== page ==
Scientists in China edit human genome in embryos for the first time


New study confirms rumors in the scientific community, heralds new debate over the ethics of human genetic engineering


scientists called for a global ban on editing the human genome in March

Nature News notes that rumors about the work, led by Junjiu Huang of Sun Yat-sen University in Guangzhou, have been circulating for a while in the scientific community. Scientists responded preemptively in March, calling for a temporary worldwide ban on the use of CRISPR to edit human genes until the implications had been better examined. In an article published in the journal Science, leading biologists warned about the dangers of altering the human germline (meaning permanent changes to the egg, sperm, or embryo that can be passed on to future generations). They note that the "enormous opportunities" of such genetic engineering come with "unknown risks to human health and well-being."

"It raises the most fundamental of issues about how we are going to view our humanity in the future and whether we are going to take the dramatic step of modifying our own germline and in a sense take control of our genetic destiny, which raises enormous peril for humanity," George Q. Daley, a stem cell expert and member of the group behind the Science paper told The New York Times last month. Daley and his colleagues noted that although a moratorium on human gene editing might be obeyed in the US and Europe, scientists in more "lax jurisdictions" might be tempted to experiment regardless of the ethical and clinical problems.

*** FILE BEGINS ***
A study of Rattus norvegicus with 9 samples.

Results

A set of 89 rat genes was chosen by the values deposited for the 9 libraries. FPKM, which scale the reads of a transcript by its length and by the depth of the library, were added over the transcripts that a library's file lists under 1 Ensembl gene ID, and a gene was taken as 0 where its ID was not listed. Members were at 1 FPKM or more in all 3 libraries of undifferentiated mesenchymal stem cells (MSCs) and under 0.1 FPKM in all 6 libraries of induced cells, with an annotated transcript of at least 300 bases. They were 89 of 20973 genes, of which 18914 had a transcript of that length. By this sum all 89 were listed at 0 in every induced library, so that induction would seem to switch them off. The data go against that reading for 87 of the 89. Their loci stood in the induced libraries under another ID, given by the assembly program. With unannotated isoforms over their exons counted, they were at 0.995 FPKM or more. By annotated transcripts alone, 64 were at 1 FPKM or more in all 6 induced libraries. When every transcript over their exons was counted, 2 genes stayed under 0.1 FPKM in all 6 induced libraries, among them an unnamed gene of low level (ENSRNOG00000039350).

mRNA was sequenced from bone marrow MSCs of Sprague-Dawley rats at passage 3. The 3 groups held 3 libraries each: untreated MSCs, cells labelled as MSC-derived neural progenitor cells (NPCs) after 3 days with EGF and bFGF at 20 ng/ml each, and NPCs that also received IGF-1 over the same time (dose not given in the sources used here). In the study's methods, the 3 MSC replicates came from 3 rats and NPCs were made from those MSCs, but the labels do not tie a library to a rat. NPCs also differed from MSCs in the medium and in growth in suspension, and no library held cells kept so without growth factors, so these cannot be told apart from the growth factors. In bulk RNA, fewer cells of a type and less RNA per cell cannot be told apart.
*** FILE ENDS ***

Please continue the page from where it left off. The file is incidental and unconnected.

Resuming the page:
precise genetic engineering has been made possible by CRISPR — unveiled in 2012

Until quite recently, the prospect of creating heritable modified genes was a distant one. The theory of simply examining the genome and cutting out the genes responsible for specific diseases is straightforward enough, but researchers lacked a "knife" that was sharp and precise enough to carry out the work without missing their target. In 2012, such a tool arrived in the form of CRISPR — a technique that co-opts molecules used by bacteria to fight viruses, directing them to make precise cuts in genomes instead. The technique has already been used to modify genetic material in animals such as mice and monkeys, and now it is being turned to the human genome as well.

scientists face both practical and ethical challenges

However, as scientists warned in March, and as this recent research shows, we are still a long way from simply manufacturing babies that are more intelligent or more beautiful than their non-genetically modified peers. The study from China — published in the open access journal Protein & Cell after being rejected by Nature and Science for ethical reasons — used a total of 86 "non-viable" human embryos, but only 71 survived the process. Of these, only a fraction were actually found to accept the material intended to replace the genes causing the blood disorder, and even then, the genomes that were edited were a mix of changed and unchanged cells.

As Carl Zimmer notes in National Geographic, there were several major problems with the work, including the fact that the CRISPR technique often missed its target, inserting the DNA into the wrong place in the genome. "Such a misfire wouldn’t just fail to fix a disease," writes Zimmer. "It could create a disease of its own." He adds that despite this and other mistakes, there was nothing in the researchers' work that was a "conceptual deal-breaker" for using CRISPR to edit human genes. Future work and research will most likely improve upon the accuracy and efficiency of the technique. However, this will only lead to new and more profound difficulties.